Miller Center

American President

A Reference Resource

Daniel D. Tompkins (1817-1825)

Daniel D. Tompkins was born in Westchester County, New York, in 1774, and entered Columbia College (now Columbia University) in 1792. He graduated three years later and was admitted to the New York Bar in 1797. Tompkins was a member of the New York state constitutional convention in 1801 and joined the state assembly in 1803. In 1804, he was elected to the U.S. House of Representatives but resigned before he took his seat to accept an appointment as an associate justice of the New York Supreme Court.

Tompkins was first elected governor of New York in 1807 and was subsequently reelected in 1810, 1813, and 1816, serving until he became vice president in 1817. As governor, he was part of the Democratic-Republican Party. He stressed education and more humane treatment of prisoners. He also strongly supported President James Madison and his decision to fight in the War of 1812. Tompkins organized defenses for his state and used his own money to help fund state militias. Although he was widely praised for his dedication and leadership during the war, his commitment caused him problems in later life.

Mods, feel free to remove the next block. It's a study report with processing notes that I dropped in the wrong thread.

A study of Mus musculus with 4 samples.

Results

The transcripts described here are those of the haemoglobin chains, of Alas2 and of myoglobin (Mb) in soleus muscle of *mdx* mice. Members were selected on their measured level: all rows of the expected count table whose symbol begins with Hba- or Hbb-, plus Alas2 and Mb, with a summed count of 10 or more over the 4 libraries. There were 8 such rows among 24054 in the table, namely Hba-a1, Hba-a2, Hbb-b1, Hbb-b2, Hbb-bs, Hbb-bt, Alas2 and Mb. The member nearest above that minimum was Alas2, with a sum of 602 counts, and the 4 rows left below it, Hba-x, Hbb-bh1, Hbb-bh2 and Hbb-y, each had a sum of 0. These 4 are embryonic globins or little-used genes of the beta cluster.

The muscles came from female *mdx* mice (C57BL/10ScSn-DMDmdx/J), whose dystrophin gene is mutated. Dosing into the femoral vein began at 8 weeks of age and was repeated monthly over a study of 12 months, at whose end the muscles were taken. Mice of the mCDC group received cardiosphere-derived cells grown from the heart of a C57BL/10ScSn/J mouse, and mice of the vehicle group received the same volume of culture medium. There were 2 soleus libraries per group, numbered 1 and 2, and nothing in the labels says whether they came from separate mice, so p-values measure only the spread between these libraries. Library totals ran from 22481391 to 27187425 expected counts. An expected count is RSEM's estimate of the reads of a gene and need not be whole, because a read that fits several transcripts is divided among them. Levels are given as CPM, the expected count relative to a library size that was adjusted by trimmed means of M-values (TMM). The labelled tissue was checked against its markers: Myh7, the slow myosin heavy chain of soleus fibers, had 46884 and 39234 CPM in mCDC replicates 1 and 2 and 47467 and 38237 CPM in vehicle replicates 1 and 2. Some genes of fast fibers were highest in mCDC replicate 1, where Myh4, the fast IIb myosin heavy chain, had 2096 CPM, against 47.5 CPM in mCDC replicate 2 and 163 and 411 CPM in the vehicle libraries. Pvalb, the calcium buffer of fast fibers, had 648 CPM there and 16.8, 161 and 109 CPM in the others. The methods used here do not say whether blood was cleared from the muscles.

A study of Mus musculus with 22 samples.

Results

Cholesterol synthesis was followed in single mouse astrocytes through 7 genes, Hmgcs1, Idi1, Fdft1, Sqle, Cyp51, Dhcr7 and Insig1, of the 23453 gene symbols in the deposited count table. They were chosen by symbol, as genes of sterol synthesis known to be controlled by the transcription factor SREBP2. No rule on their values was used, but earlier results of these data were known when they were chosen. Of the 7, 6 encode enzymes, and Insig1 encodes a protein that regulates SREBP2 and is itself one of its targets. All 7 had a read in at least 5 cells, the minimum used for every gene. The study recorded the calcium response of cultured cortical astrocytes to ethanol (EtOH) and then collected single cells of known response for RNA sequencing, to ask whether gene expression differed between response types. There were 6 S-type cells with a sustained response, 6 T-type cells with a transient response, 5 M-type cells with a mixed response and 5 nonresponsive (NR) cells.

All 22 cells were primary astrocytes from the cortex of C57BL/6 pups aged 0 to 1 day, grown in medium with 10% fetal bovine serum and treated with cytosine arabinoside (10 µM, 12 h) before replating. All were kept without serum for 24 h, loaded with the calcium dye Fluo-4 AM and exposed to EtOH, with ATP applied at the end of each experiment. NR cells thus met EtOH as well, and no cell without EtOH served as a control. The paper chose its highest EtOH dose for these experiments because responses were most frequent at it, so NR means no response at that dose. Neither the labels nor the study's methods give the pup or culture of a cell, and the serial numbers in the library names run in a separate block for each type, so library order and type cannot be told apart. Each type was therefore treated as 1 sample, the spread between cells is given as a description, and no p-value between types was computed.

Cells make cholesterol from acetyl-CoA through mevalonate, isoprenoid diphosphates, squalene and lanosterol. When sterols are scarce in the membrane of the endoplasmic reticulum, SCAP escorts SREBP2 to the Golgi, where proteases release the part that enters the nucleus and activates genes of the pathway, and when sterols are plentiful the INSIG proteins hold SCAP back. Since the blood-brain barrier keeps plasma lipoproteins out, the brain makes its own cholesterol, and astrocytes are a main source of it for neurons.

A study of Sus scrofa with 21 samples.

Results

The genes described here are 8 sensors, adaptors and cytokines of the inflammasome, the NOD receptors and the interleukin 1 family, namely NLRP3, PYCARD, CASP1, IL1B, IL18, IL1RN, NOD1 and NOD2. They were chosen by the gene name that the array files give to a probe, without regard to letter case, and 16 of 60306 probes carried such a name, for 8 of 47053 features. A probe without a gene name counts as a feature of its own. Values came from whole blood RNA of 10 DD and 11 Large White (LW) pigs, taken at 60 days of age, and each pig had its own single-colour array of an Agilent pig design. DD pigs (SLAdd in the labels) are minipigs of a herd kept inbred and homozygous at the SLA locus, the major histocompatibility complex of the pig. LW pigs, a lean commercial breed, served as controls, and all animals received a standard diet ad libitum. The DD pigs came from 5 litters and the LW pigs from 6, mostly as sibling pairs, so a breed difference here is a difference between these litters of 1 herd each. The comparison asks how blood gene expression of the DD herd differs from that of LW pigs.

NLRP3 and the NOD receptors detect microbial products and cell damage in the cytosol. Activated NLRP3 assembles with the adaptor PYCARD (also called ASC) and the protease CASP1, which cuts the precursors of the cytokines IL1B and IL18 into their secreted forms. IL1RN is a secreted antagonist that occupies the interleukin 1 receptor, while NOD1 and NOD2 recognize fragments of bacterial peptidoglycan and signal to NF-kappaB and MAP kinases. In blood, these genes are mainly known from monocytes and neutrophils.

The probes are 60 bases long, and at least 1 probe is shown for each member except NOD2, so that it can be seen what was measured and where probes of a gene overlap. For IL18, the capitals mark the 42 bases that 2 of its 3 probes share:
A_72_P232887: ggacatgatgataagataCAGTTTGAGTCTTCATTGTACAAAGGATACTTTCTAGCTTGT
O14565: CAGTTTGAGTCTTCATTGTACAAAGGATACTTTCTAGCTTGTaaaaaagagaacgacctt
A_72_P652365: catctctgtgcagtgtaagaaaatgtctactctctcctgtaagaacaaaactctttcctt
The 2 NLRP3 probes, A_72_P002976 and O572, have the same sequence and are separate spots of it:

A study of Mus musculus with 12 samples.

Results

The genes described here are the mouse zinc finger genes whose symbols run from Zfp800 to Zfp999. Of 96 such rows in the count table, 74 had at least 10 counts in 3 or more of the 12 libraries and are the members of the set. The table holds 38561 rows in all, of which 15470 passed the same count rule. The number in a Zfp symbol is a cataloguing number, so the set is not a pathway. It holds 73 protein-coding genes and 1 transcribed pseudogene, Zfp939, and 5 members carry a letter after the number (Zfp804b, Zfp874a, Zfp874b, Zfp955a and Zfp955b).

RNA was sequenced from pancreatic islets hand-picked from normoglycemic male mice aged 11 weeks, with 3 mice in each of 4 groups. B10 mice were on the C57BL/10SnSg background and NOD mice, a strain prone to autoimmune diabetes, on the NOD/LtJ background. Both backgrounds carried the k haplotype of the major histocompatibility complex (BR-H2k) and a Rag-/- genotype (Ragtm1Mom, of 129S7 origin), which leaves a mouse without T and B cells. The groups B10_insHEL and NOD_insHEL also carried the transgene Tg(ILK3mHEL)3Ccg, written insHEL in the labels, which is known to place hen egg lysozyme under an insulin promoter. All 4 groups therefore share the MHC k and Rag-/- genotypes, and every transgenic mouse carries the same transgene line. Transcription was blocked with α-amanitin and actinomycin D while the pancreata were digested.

Initially Tompkins had aspirations to be President but soon realized that he was not widely enough known outside of New York. Still the Democratic-Republicans chose him to serve as vice president to add geographic balance to James Monroe of Virginia. Once in office, Tompkins lacked interest in overseeing the Senate as that body’s president. He missed many sessions, and many people noted his excessive drinking.

During his tenure as vice president, Tompkins exerted much of his time and energy to fight allegations that he had mishandled federal and state funds during the War of 1812. Although Tompkins kept incomplete records and commingled his personal funds with government money, he fought the charges that he had willfully misused public money. He was eventually cleared of wrongdoing, and the government, in fact, paid him a small amount of money. Still saddled with debt and maligned for his drinking, Tompkins left the vice presidency without a political future. He died in 1825, shortly after leaving office.